Share this story!
The urgency of saving the coral reefs is something everybody’s heard of. Two marine scientists, Emily Hazelwood and Amber Sparks believe abandoned oil rigs to be a solution to the acute problem. Together they have created the company Blue Latitudes and run the Rigs-to-Reefs program.
For the time being, there are 1700 rigs in the Gulf of Mexico and 27 off the coast of California. Hazelwood and Sparks believe these rigs can not only protect but expand, the wildlife we have left.
Sparks and Hazelwood argue that oil companies shouldn’t remove the old rigs but instead leave the submerged sections be.
Can coral really grow on metal? Yes, it can. The rigs metal structure also becomes a home for all sorts of marine wildlife shortly after the platform is installed. FreeThink writes “Seahorses, rockfish, and sponges make their home among the rusty metal beams. The network of beams becomes a nursery for young corals and a refuge for dolphins and sea lions.“
However, turning rigs to reefs isn’t a new idea. In the U.S turning rigs to reefs has been done for about 40 years. Bloomberg Green reports in an article that since the 1980s 560 U.S platforms have been left underwater and transformed into permanent reefs.
- Tow-and-place involves severing the structure from the seafloor either using explosives or mechanical cutting techniques and then towing it to the selected reef for deployment.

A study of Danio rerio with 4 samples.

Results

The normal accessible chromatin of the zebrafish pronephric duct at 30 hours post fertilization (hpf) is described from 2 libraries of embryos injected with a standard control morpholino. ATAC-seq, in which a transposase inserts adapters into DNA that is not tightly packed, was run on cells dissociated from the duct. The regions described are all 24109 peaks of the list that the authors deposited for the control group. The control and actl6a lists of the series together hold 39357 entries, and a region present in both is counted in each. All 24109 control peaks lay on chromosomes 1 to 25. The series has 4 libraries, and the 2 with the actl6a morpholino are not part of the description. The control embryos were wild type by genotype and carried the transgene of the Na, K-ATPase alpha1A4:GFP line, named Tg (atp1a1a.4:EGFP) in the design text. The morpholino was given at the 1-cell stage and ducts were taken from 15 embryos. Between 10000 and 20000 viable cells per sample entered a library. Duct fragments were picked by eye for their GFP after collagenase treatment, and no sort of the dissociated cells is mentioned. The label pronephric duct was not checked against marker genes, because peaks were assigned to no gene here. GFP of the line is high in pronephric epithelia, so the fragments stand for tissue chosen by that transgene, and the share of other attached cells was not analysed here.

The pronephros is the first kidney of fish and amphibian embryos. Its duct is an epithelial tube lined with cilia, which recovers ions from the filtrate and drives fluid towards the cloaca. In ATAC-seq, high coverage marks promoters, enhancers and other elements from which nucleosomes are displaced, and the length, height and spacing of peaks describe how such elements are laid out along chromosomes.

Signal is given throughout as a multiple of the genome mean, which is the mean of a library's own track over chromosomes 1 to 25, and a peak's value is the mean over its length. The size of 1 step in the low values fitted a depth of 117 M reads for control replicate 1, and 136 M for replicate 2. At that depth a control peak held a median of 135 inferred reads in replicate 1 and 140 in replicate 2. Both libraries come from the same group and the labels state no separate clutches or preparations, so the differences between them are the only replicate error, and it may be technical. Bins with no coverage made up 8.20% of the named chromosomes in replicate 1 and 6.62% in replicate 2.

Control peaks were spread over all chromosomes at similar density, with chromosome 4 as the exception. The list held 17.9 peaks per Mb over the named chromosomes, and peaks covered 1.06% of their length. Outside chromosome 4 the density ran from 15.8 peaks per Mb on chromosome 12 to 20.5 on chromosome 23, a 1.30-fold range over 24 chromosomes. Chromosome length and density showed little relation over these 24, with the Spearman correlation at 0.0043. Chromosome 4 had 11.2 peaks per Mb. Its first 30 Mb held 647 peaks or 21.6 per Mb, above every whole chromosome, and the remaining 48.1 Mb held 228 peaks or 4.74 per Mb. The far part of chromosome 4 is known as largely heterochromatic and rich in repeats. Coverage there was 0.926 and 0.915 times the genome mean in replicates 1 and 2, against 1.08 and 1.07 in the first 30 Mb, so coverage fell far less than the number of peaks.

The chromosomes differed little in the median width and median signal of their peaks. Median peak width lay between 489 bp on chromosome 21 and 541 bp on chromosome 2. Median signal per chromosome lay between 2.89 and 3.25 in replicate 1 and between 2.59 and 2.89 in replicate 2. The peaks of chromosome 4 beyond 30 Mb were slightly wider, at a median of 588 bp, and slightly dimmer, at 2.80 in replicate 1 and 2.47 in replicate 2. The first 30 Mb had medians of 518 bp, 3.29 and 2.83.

- Topple-in-place also detaches the structure from the seabed. The detached structure is then toppled onto its side.
- Partial removal generally does not use explosives. The top portion of the structure is severed at a permitted navigational depth, typically 85 feet deep, and placed on the seafloor next to the base of the remaining structure.
All of the options are for the most part cheaper than taking apart and removing the whole base. FreeThink writes that not removing the rigs, but transforming them to reefs, saves oil companies money, which can be provided to states that agree to take on the responsibility for the reef.
The oil platforms off the coast of California are some of the most productive marine fish habitats. The California rigs are usually massive and some of them would stand taller than the Eiffel tower on land.
According to the Bureau of Safety and Environmental Enforcement 558 platforms previously constructed on the U.S. Outer Continental Shelf have been transformed into artificial coral reefs in the Gulf of Mexico as of September 2020.
The big question is if the reefs are good or bad for the ocean? Marine biologist Milton Love who researches fish species around gas and oil platforms in California states that abandoned oil rigs are among the most viable fish ecosystems on the planet.
Due to overfishing along the U.S West Coast, the rockfish stock has been seriously weakened. Fortunately, the rigs are helping. Now the species can be found in large numbers close to oil platforms. The artificial reefs also aided the recovery of the critically endangered bocaccio rockfish. Love explains to BBC Future:
"We've found a very high density of young bocaccio at platforms, around 400,000 at six platforms. We didn't see that at natural reefs,"
Sparks and Hazelwood have reefed rigs since 2014, saving at least a dozen large marine ecosystems, from Thailand to West Africa. Sparks told BBC Future:
"We're trying to help the general public understand that conservation isn't always just about saving the whales. There are other ways we can look at complex ideas in our oceans, such as repurposing manmade structures like artificial reefs."